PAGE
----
4.5 out of 5 stars 6 customer reviews


  • Paperback: 58 pages
  • Publisher: Wooden Books
  • ISBN-10: 1902418239
  • ISBN-13: 978-1902418230
  • Product Dimensions: 14.8 x 12.2 x 0.6 cm
  • Average Customer Review: 4.5 out of 5 stars  See all reviews (6 customer reviews)
  • Amazon Bestsellers Rank: 674,611 in Books (See Top 100 in Books)


4.5 out of 5 stars

Format: Paperback
This recently published book on Avebury is a worthwhile purchase for newcomers to the Avebury story, mainly for the rich illustrations which are, by and large, reproductions of engravings from William Stukeley's classic 18th century book.
The text, however, lets the book down, as it's riddled with punctuation errors and spelling mistakes (what's a "funery" urn I wonder? Why is "it's" constantly used in place of "its"?). The ideas and thoughts expressed in the book are sound though and, if the text can be corrected for the next edition, it would make an excellent addition to any library.
Buy it for the illustrations and you won't be disappointed...
This is a tiny little book with a charming presentation (like all Wooden Books) brown ink on thick quality paper and ilustration evrywhere. Dont however let the quaint presentation make you think it lacking in any way. These books are packed with facts and information. In a book this size, you can only expect an introduction, but here you get an introduction to everything about Avebury (apart from how to get there). Even if like me you find yourself interested in the technicalities of stone rings, (and you can manage mathematics and astronomy) you will still value having this as your introductory guide to Avebury. I keep having to buy more of these as I keep giving them away to people who dont know about Avebury. You can open this anywhere and be interested by what is on that page. Very few books contain such a density of easy to read enjoyable information. I always return to these little books no matter what other volumes I have.

Make this your first introduction to Avebury and you might find things missing from the books you buy afterwards.

PS. if you dont know about Avebury, then go and visit Stonehenge, suffer the disappointment of not getting close enough, then visit the site you never heard of starting in the avenue, and take one of these books with you.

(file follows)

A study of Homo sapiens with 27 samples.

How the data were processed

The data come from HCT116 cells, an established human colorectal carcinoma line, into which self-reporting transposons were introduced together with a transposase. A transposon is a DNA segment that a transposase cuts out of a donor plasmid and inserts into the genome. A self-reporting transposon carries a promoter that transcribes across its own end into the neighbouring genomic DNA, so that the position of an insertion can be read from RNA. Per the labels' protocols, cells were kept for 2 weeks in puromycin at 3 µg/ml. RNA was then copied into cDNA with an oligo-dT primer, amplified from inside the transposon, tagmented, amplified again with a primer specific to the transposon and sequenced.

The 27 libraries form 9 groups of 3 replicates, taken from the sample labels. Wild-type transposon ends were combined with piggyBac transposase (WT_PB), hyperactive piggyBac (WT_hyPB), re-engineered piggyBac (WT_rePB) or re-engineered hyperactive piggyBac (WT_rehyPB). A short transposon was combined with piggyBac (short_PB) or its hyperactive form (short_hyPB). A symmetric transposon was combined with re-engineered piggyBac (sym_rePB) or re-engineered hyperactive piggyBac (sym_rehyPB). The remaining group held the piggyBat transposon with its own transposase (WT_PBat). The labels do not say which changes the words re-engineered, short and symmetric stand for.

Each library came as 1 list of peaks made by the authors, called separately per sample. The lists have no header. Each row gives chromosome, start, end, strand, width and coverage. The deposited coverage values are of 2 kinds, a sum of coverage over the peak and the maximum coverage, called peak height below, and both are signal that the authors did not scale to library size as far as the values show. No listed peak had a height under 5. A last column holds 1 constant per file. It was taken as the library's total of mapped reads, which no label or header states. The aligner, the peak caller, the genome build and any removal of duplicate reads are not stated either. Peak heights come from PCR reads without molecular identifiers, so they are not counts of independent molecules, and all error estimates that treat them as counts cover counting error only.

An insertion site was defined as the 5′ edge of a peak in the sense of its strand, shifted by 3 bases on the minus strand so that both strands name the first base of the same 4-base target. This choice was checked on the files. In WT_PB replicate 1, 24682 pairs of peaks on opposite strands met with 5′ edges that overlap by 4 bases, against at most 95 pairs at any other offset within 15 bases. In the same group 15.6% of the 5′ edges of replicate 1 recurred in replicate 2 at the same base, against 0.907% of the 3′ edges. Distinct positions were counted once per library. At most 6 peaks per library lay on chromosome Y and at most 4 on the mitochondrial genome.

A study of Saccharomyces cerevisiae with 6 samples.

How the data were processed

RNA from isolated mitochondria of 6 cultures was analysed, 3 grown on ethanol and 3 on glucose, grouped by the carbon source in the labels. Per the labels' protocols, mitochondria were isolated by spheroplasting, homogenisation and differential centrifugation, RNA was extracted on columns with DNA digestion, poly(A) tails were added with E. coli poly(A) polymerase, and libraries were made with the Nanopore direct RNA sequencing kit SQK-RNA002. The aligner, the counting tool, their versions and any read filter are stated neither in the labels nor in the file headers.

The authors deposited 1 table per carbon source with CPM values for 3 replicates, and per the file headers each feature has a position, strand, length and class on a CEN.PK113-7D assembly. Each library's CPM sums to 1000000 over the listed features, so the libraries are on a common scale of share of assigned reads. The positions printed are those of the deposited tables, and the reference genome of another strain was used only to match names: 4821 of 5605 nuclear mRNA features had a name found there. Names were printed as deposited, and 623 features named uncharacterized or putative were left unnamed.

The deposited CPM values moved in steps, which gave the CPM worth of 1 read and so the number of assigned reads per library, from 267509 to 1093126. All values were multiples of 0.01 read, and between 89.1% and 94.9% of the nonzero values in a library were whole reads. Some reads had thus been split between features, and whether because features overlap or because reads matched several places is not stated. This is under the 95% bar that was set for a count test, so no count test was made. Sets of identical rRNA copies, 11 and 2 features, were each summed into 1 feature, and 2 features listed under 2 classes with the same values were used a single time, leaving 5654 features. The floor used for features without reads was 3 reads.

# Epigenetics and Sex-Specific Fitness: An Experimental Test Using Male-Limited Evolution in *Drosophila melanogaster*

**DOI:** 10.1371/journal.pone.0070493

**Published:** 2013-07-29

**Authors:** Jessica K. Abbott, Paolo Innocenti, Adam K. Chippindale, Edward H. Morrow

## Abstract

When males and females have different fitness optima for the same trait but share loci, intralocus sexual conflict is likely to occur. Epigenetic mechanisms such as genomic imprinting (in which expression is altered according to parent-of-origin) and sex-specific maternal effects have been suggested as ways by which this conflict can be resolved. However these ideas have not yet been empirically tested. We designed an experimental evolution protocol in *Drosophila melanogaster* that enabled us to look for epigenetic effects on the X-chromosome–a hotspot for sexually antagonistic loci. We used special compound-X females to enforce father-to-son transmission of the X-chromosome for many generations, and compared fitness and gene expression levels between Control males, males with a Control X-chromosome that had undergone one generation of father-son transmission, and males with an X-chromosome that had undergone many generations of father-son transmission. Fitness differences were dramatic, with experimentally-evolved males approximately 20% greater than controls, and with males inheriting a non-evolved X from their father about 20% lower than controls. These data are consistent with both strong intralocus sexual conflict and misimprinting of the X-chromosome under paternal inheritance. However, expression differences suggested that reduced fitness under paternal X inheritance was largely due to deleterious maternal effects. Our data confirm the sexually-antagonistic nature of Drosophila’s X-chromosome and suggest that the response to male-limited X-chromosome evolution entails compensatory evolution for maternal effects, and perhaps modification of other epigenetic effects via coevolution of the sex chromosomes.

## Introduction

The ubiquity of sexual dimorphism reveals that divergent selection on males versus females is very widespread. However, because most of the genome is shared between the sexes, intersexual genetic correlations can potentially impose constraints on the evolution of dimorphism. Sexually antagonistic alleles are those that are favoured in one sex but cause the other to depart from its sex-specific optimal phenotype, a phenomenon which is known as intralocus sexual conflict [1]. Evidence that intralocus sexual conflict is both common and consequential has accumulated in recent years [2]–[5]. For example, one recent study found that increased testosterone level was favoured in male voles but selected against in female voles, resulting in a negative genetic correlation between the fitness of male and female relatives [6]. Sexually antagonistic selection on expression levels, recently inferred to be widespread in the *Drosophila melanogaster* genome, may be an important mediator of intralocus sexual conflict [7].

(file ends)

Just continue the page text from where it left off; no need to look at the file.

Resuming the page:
For even the casual observer (such as myself) there's something about stone circles that inspires awe and yet they remain a curiosity. Their true significance has little impact on us today. Sadly, at first glance they look like primitive things fashioned into simple worshiping sites by primitive ancestors who left no records. Nothing could be simpler than a few unhewn stones arranged in a simple circle, could it? But let us consider a few facts. Firstly, the stone circles are often just one part of a large complex that includes other types of ancient construction, some now destroyed. In the case of Avebury, the whole landscape for miles around has other sites that are linked to it, including our very own Great Pyramid, the artificial Silbury hill. In fact, Western Europe is covered in circles and barrows and many of them required extraordinary organisation of manpower and exactitude of design. So far you may be thinking, so what? But the stones are not arranged wily-nilly, or to look pretty, but incorporate mathematical forumalae, are carefully and knowledgeably positioned (Avebury is apparently exactly three sevenths north of the equator) and align with moon and sun rises at key times. And probably much more. They were also built over thousands of years, so it seems that this culture endured long enough to deserve a bigger mention than it gets in the history books. Could it be that before recorded history our ancestors knew that the Earth tilted at 23.4 degrees on its axis? And hence, I suppose, that it was spherical). Did you know about the Michael line? Or that the waterboard still use dowsers?
This book in an excellent introduction to Avebury for anybody who just knew of it as a decent alternative to Stonehenge.